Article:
Bridging Europe over the Cold War Divide: East-West Encounters on the Romanian Black Sea Coast, 1960s–80s

Saturday, January 9, 2016: 9:40 AM
Salon B (Hilton Atlanta)
Adelina Oana Stefan, University of Pittsburgh
This paper will examine how the Romania Black Sea coast became a hub of consumption and vivid interactions between Western and socialist tourists during the socialist 1960s-1980s. As of 1958, A Travers la Roumanie, a newly branded state-sponsored tourist magazine, advertised communist Romania as a glamorous and modern tourist destination and invited both Western and socialist tourists to visit the Romanian Black Sea coast and discover its “casinos, jazz and beauty contests.” Although a socialist regime, Romania wanted first and foremost to develop its tourism with capitalist countries, as Western tourists brought in the coveted hard currencies. This strategy proved effective in part, as towards the 1970s more foreign tourists poured into the country (from 100,000 in 1960 to around 4 million in the mid-1970s, and 7 million in the early 1980s, with almost 40 % from Western countries).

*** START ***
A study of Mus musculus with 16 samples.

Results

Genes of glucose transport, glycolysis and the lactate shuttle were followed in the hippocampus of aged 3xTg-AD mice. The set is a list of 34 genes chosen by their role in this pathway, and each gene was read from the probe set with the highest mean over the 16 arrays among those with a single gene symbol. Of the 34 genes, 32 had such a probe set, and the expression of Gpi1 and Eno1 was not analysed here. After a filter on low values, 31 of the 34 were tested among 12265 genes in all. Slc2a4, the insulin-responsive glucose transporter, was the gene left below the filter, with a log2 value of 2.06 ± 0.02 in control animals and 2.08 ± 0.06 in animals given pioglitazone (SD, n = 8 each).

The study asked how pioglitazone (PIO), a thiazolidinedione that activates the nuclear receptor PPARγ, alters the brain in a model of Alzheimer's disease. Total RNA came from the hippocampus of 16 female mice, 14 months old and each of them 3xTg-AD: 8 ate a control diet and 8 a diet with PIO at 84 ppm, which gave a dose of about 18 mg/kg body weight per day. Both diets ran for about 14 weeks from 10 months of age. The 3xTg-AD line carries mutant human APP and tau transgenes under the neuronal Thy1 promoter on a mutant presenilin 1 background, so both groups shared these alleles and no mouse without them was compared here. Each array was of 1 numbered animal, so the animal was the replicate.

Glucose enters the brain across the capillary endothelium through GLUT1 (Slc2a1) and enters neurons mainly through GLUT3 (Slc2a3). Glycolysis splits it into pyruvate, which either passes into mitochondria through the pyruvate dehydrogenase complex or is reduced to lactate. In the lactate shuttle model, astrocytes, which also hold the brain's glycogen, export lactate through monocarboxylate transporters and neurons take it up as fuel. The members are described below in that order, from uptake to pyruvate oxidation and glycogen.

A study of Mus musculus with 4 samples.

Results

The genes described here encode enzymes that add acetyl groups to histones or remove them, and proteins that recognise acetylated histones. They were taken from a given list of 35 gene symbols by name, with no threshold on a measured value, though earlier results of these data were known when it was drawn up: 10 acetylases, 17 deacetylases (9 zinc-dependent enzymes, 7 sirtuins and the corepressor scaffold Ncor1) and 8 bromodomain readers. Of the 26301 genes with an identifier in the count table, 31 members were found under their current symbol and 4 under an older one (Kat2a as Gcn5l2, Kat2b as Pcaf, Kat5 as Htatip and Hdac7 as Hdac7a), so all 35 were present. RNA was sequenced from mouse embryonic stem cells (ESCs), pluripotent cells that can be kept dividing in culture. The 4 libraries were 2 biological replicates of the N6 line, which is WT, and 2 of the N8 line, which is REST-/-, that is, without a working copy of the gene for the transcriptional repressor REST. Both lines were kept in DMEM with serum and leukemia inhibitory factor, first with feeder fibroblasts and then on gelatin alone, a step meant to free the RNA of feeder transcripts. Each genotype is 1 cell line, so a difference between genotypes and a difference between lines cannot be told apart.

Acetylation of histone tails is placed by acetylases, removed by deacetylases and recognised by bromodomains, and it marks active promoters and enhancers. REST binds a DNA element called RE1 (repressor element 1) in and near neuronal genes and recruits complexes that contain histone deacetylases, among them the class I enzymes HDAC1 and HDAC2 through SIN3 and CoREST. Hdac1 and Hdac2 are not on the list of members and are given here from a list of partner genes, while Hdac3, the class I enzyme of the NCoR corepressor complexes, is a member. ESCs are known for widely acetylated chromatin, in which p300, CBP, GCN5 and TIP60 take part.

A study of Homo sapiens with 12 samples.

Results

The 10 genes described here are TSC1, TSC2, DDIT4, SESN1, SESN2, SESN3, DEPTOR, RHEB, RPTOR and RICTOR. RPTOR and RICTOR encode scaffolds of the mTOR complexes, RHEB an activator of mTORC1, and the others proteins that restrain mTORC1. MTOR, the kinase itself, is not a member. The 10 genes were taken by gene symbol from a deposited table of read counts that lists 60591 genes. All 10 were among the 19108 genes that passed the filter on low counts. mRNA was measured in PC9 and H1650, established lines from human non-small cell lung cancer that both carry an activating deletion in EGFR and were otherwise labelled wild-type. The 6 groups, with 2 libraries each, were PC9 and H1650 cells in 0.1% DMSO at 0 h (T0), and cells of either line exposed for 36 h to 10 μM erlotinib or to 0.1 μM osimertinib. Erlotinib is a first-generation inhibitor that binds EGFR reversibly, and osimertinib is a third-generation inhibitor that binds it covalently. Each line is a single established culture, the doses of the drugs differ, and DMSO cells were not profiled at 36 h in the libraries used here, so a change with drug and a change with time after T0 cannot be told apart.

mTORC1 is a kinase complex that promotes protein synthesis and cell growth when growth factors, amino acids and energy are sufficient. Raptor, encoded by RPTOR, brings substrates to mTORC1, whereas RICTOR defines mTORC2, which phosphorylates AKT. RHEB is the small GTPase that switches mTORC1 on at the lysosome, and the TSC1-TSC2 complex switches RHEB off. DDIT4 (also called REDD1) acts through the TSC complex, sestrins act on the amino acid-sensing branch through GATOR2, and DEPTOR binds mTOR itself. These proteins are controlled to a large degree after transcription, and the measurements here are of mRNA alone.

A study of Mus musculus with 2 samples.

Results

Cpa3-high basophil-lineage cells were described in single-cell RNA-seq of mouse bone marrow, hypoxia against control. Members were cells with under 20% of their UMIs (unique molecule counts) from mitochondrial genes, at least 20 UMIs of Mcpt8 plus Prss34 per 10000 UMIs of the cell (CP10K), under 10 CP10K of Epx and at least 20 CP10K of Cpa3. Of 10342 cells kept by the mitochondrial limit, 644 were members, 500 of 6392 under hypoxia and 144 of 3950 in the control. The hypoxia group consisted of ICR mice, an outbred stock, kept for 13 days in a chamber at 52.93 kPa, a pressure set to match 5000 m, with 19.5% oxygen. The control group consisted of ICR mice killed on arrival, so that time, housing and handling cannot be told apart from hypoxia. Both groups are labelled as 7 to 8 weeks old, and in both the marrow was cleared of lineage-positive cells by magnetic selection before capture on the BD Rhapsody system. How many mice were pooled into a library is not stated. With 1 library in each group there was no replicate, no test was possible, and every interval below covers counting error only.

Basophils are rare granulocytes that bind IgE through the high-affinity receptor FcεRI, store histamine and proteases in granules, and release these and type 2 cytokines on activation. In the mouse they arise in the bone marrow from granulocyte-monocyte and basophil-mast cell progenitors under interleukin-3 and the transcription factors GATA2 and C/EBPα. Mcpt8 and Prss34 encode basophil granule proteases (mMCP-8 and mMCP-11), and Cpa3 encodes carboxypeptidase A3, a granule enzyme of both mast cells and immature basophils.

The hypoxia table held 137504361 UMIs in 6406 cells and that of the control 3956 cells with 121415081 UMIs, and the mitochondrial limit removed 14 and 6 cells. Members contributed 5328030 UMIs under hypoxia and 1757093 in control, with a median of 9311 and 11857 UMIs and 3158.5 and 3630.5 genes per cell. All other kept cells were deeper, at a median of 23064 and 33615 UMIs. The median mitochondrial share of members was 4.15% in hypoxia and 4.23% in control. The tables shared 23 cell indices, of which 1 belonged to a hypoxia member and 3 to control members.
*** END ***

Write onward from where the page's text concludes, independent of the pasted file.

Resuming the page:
However, the communist government faced an unexpected challenge as a result of foreign tourists’ arrival on the Black Sea Coast. Soon, it came to realize that ordinary Romanians were the ones to benefit most from the presence of foreign tourists. For ordinary Romanians, these tourists opened a window into the material culture of the “West,” otherwise hardly accessible to them. For Western tourists visiting Romania, it was a first-hand experience with socialism and an opportunity to challenge, or by contrast, reinforce their own pre-conceptions about the Cold War. Proposing a bottom-up approach to Cold War relations, this paper will examine how interactions between Romanian, eastern and western tourists on the Romanian Black Sea Coast prioritized exchanges of goods, ideas, and mores over ideological conflicts. This paper draws on extended archival material (Central Committee of the RCP files, Council of Ministers Collection), oral history interviews with both foreign and Romanian tourists, and visual materials such as photos and films.